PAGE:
Posted May 9, 2008 – Wednesday’s massive rally denouncing the acquittal of three NYPD detectives who killed Sean Bell, an unarmed young Black man, was just the beginning, says the Rev. Al Sharpton, who has promised to bring New York to a standstill until justice is served.
"Yesterday was the beginning of a long and sustained campaign of civil disobedience," he told reporters.
Last week, New York Supreme Court Justice Arthur Cooperman found that the three detectives who unloaded a 50-bullet barrage at the 23-year-old Bell and his two friends, Trent Benefield, 23, and Joseph Guzman, 31, were justified in their actions.
Sharpton and other activists are demanding that the federal Justice Department re-investigate the circumstances that led to the shooting by Detectives Gescard F. Isnora, Michael Oliver and Marc Cooper. The detectives said they believed that Bell and his friends, who were seriously wounded in the November 2006 incident, had a weapon. No weapon was ever found. The three victims were leaving a Queens strip club following a bachelor party. Bell was to be married within hours.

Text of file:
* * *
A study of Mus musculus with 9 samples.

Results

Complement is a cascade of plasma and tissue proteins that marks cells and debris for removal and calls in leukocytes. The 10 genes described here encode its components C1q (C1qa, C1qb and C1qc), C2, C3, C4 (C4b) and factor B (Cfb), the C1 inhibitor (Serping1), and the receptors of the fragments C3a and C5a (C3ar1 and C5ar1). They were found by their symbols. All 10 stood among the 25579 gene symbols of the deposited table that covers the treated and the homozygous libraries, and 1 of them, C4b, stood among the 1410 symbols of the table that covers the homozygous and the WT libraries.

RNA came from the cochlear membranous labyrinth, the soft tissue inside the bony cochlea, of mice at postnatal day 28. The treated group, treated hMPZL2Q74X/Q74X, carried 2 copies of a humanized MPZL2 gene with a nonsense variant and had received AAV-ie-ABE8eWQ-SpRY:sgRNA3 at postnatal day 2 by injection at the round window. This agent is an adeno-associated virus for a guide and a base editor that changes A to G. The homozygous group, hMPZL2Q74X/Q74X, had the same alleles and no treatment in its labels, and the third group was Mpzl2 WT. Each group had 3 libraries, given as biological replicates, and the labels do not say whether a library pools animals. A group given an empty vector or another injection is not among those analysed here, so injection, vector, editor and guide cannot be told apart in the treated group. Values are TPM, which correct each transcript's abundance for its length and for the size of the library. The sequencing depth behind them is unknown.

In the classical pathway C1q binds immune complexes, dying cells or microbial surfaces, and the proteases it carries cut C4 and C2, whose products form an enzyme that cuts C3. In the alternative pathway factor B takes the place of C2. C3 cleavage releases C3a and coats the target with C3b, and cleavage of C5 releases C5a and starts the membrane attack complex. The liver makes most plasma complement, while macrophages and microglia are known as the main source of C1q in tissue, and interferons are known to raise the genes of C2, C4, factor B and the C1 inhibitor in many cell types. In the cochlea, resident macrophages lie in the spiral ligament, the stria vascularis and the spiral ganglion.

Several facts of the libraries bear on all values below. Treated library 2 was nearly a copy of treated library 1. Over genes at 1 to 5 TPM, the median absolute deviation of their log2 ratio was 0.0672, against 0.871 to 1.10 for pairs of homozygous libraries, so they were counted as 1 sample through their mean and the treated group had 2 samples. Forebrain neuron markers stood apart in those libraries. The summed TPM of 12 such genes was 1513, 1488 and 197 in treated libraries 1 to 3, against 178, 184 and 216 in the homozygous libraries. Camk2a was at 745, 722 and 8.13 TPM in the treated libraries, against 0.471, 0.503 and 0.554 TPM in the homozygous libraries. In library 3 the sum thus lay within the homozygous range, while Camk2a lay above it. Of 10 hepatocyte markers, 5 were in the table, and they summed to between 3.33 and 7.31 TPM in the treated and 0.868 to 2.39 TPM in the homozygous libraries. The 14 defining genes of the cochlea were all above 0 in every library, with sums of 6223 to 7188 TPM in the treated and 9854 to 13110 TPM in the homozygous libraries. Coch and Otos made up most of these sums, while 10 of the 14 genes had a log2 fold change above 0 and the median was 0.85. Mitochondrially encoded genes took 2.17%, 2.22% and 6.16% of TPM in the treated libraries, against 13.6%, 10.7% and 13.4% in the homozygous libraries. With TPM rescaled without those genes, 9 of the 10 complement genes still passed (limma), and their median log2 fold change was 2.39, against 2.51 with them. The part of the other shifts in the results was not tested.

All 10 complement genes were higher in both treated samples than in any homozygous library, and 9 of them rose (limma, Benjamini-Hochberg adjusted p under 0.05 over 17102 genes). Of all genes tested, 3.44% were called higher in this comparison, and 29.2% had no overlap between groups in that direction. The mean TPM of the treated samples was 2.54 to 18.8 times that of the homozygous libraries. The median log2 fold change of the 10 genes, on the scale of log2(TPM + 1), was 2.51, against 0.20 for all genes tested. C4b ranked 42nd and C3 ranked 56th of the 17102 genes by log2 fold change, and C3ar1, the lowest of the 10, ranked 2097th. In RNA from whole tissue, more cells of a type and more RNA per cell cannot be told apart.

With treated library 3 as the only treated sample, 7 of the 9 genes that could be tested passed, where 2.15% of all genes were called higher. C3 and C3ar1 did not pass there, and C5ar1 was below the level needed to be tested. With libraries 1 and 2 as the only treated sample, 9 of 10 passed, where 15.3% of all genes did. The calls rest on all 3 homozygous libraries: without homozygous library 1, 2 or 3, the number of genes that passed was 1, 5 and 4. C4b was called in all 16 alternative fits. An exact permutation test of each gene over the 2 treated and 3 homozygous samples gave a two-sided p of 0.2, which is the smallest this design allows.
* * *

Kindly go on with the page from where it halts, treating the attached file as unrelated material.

Guzman and Sean Bell’s fiancée, Nicole Paultre Bell, who legally acquired Sean Bell’s name after his death, were among those arrested Wednesday as they blocked traffic at the Brooklyn Bridge, the Holland Tunnel and four other major bridges.
Sharpton, Bell ’s parents and Nicole P. Bell reportedly met with Gov. David Paterson Thursday to push for a law that would automatically trigger an independent investigation into police shootings, King said.